Image of Former Deputy Knesset Speaker Moshe Feiglin [safa]
Former Israeli Member of the Knesset Moshe Feiglin, 13 April 2017 [safa]

The far-right Zehut party has quit Israel's election race after its leader, Moshe Feiglin, struck a deal with Israeli Prime Minister Benjamin Netanyahu which will see him receive a ministerial position should the latter successfully form a government after 17 September.

In a joint press conference yesterday, Netanyahu and Feiglin announced that Zehut – a right-wing, libertarian party with fierce anti-Palestinian rhetoric – would bow out of Israel's upcoming general election.

Netanyahu said he sees Feiglin as "a minister in [his] government and as a partner to [his] vision," adding: "Our success depends on joining forces before and after the election, and therefore I call on Zehut voters to help us."

The pair reportedly met at the Prime Minister's Residence in Jerusalem yesterday, agreeing that Feiglin will receive a cabinet position – although not as finance or economy minister – should Netanyahu succeed in forming the next government.

Netanyahu also agreed to carry out some of Zehut's signature policy promises, including steps towards the legalisation of medical cannabis use in Israel. Netanyahu yesterday said that he has "decided to open the market to supervised [cannabis] import, which will be carried out by the relevant authorities".

Feiglin added that, according to his agreement with Netanyahu, small businesses in Israel would not pay taxes during the first two years after their establishment.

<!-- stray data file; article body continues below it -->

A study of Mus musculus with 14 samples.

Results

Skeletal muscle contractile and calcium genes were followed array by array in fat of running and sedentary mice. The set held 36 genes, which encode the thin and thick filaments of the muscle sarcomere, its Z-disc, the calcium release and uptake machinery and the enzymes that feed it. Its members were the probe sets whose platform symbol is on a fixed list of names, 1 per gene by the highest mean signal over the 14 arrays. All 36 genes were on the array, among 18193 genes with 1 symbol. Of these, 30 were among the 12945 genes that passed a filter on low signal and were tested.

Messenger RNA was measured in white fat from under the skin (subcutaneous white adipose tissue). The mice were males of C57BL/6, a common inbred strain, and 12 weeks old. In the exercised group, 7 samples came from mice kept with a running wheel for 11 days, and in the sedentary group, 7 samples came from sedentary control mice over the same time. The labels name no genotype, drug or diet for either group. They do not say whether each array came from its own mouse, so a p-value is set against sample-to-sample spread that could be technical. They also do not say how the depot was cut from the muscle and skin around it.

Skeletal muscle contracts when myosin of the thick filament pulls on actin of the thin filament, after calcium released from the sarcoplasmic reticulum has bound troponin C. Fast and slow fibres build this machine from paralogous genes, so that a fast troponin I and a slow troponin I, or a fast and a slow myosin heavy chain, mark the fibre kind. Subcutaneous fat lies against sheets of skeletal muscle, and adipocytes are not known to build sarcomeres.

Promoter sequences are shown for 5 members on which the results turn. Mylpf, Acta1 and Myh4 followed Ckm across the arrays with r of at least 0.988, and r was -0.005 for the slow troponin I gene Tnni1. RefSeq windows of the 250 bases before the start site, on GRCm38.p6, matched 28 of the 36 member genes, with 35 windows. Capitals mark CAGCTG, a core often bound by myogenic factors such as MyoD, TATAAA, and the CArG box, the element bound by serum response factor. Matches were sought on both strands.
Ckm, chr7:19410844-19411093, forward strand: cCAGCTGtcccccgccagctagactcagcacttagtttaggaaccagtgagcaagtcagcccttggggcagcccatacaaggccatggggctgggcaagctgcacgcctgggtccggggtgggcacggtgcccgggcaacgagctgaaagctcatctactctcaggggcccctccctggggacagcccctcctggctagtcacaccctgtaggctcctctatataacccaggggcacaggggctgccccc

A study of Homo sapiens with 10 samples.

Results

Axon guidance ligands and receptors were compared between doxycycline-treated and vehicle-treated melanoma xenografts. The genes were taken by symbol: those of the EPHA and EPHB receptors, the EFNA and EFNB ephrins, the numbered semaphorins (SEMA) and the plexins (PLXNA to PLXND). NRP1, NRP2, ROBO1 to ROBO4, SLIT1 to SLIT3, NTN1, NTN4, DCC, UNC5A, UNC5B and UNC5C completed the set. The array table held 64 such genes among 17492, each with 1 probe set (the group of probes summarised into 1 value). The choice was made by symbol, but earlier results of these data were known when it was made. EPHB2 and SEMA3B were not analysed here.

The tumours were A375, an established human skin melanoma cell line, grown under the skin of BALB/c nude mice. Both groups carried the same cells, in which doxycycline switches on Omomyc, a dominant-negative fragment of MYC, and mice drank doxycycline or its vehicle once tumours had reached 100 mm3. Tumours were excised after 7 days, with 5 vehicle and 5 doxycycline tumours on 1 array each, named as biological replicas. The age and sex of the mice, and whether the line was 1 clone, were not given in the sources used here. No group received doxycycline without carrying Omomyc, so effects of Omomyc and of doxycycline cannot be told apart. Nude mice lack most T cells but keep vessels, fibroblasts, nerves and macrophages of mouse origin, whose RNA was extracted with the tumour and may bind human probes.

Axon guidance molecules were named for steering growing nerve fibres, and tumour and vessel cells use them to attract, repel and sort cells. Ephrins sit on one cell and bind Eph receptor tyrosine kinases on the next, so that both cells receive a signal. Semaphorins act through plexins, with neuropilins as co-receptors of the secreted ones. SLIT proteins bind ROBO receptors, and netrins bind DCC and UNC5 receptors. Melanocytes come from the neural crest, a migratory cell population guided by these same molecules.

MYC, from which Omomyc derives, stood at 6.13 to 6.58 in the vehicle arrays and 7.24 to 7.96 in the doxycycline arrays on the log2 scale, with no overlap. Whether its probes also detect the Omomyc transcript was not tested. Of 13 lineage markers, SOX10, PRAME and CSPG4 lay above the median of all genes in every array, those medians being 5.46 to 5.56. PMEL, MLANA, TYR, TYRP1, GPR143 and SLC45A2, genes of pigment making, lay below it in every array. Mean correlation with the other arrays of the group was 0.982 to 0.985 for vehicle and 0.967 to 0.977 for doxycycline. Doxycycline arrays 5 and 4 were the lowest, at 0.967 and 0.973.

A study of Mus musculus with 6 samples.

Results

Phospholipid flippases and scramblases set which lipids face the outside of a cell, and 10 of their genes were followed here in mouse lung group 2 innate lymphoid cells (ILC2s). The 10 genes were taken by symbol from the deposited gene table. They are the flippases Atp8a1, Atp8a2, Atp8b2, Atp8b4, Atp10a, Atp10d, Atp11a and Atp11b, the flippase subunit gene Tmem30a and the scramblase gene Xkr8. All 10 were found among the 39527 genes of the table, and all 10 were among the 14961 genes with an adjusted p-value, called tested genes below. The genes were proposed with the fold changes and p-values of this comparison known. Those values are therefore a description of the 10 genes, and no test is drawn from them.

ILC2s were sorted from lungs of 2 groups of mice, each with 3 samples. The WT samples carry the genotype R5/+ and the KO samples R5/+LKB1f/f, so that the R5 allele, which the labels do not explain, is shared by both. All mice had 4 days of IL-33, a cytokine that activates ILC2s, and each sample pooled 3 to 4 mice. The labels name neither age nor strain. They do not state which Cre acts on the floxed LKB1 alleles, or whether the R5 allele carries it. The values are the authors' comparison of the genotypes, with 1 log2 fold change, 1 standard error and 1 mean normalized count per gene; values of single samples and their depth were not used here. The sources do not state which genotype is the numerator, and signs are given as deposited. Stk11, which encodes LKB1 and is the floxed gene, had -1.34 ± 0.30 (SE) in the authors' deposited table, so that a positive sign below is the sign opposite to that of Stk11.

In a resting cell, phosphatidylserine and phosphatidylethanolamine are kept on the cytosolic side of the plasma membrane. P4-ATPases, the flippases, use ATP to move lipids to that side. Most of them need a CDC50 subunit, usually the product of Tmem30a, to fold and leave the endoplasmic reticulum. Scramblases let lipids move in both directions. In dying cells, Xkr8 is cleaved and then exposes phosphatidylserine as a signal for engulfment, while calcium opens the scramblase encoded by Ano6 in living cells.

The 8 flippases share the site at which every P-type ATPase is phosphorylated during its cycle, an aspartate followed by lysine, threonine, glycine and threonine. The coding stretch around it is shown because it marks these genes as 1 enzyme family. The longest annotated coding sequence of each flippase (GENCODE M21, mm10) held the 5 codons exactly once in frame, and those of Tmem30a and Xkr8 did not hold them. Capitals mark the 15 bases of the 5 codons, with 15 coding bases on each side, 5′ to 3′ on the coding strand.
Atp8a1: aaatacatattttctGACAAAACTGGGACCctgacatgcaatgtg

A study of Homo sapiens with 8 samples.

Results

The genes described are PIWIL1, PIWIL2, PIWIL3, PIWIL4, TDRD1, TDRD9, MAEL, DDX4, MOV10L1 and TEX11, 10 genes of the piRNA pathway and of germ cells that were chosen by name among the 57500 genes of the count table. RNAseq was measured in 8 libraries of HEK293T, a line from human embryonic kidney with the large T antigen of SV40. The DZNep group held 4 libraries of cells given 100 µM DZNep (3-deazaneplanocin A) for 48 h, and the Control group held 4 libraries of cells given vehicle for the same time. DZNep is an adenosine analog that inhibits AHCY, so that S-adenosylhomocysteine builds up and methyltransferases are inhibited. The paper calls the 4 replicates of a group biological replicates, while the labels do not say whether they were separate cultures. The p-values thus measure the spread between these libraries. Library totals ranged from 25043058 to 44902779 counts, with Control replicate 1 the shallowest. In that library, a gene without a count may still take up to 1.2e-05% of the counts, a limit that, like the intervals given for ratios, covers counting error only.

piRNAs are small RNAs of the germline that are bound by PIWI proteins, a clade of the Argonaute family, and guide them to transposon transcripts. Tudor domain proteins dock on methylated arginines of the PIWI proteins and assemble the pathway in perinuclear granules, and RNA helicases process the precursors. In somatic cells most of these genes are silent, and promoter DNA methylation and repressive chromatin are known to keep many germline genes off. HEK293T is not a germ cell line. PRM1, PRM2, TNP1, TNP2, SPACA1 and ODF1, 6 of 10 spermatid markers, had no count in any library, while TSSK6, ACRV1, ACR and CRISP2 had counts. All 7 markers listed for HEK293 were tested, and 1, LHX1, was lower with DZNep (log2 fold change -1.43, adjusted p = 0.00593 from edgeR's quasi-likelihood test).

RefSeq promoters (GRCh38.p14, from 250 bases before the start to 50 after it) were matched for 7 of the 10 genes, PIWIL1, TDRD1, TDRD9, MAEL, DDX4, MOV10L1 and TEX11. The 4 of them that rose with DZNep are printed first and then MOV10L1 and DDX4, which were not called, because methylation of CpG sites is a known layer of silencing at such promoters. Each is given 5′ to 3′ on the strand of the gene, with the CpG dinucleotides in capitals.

Given the tight margins Netanyahu is currently faced with in his bid to secure re-election, the deal will be seen as yet another attempt to cannibalise smaller right-wing parties in order to strengthen the Likud.


Commentators have now speculated that, in the little over two weeks remaining until election, day, Netanyahu will seek a similar arrangement with the ultra-right-wing Otzma Yehudit (Jewish Power) party, which could also fall below the electoral threshold.


In its online policy document, Zehut openly advocates for a one-state solution in which the whole of historic Palestine will be named Israel. Palestinians would be granted citizenship if they agree to live in and pledge loyalty to such a state.

Zehut also advocates for scrapping the Oslo Accords, using the money it claims Israel would save by doing so to incentivise Palestinians in the oPt to emigrate.

Given that Netanyahu could try to fulfil his April election promise to annex parts of the West Bank – and with reports circulating that he is seeking the go-ahead of US President Donald Trump for such a move in the coming weeks – Zehut's policies could be integrated into the heart of the Israeli government should Netanyahu secure re-election.